What Can I do for Osteoarthritis of the Spine?
Patients with less severe symptoms may benefit from treatments they can perform themselves. There are quite a few at-home options to help patients treat osteoarthritis of the spine at home. These treatments include:
At Home Treatments for Osteoarthritis of the Spine
- Exercise– Exercise is one of the most effective non-drug treatments for osteoarthritis. The best types of exercise for osteoarthritis sufferers are low impact, offer an aerobic element, improve flexibility, and use slight resistance.
- OTC medication– Over-the-counter pain relievers may reduce the painful symptoms of osteoarthritis. Keep in mind to only take the amount recommended on the bottle.
- Topical ointments – Osteoarthritis pain may be reduced through the use of topical ointments applied to the skin over the affected area. These ointments usually contain counterirritants, which stimulate the nerve endings to distract the brain from pain.
- Wearing supportive devices – Support devices such as back braces can provide support to the spine.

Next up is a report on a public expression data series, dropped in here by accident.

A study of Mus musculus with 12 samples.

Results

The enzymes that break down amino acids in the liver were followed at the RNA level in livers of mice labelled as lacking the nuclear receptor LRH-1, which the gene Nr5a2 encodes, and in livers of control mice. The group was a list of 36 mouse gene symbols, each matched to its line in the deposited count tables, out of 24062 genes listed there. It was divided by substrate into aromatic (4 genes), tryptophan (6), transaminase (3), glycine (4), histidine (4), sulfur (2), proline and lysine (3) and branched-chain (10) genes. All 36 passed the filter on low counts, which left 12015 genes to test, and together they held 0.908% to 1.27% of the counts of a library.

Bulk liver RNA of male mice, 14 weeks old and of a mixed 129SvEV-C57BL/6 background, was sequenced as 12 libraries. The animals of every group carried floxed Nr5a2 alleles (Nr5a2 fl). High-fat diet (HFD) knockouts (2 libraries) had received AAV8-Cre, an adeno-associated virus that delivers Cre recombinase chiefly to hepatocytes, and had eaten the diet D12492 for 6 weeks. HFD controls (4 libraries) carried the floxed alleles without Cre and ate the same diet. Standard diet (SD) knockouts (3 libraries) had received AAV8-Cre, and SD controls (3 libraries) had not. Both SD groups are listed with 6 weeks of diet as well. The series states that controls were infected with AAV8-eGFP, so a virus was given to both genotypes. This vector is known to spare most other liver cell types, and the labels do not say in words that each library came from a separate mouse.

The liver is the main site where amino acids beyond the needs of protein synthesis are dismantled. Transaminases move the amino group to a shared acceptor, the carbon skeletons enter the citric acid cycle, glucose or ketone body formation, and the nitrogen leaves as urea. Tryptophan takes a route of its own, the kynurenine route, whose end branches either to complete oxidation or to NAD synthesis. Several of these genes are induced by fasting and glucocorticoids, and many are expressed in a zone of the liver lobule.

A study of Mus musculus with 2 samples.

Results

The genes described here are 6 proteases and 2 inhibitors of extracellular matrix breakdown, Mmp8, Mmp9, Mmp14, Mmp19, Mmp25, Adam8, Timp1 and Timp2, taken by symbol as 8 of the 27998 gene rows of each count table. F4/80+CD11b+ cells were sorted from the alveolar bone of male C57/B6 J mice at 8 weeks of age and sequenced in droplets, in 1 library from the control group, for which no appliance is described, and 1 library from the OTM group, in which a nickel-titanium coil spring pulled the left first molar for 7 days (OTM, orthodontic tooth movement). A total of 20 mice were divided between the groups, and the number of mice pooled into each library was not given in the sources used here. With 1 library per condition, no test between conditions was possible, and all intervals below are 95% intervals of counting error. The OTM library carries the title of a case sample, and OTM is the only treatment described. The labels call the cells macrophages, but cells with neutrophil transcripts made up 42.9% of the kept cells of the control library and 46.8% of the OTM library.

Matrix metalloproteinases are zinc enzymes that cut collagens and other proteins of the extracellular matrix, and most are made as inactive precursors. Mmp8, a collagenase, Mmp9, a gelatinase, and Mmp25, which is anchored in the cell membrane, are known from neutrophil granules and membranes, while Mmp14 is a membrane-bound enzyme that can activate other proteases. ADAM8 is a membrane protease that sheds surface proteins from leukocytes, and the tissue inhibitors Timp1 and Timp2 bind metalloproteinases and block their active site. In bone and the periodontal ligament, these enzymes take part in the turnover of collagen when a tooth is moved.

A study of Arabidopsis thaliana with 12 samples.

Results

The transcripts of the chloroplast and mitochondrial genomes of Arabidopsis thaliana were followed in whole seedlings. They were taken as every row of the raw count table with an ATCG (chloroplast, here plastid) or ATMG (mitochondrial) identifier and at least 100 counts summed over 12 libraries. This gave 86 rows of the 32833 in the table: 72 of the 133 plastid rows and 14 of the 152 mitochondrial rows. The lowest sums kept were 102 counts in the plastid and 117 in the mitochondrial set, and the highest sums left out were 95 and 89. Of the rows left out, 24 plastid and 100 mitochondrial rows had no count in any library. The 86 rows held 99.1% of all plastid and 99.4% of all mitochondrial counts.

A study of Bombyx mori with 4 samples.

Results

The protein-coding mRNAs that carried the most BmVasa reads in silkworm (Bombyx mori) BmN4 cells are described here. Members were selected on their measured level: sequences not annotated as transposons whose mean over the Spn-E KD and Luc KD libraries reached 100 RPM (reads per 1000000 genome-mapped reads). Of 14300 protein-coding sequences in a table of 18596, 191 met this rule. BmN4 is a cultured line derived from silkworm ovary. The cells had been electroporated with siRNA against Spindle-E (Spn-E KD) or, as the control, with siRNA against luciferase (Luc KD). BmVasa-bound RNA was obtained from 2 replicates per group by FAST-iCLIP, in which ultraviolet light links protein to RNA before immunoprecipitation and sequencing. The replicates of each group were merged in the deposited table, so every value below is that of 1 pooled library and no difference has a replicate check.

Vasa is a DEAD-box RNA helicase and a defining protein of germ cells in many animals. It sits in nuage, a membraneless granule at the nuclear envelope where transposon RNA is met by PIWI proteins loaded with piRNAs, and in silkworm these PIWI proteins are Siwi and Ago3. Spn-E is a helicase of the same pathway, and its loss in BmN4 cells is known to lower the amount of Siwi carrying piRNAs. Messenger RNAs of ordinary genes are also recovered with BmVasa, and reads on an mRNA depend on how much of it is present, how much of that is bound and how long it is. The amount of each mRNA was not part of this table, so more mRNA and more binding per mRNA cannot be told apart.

What If I Need Additional Treatment for Osteoarthritis of the Spine?
Surgery may be required for certain patients with severe cases of osteoarthritis of the spine that lead to nerve root pinching or instability of the joint.
Houston Physicians’ Hospital offers the following surgical treatments for osteoarthritis of the spine:
- Lumbar fusion
- Lumbar laminectomy
Keep in mind that the risks and benefits of surgery should be researched extensively and discussed with a medical professional before making a decision regarding surgical treatment.
How Do I Recover from Osteoarthritis of the Spine?
It is common to feel a bit sluggish immediately following surgery for osteoarthritis. Frequently shifting positions, avoiding standing for long periods of time, sitting, and lying down are recommended to help aid in recovery. If the pain is not too severe, short walks, along with gradually increasing other activities, is recommended. Keep in mind to gradually add activity, as doing too much too soon can increase your pain and slow your recovery. While low-impact activities are typically approved during recovery, patients should avoid bending, lifting heavy objects, and twisting the body until approved by their Houston Physicians’ Hospital physician. Chores that involve these strenuous activities should be done by someone willing to help. Pain is likely to still be experienced for a short time following your surgery. If pain is less severe, OTC pain medications should help ease symptoms, along with the use of an ice pack. If your pain is not treated by these methods, you may need a prescription pain reliever. Should you be prescribed a pain reliever, it is vital to remember that you should not operate a car and should enlist the help of someone else to drive you.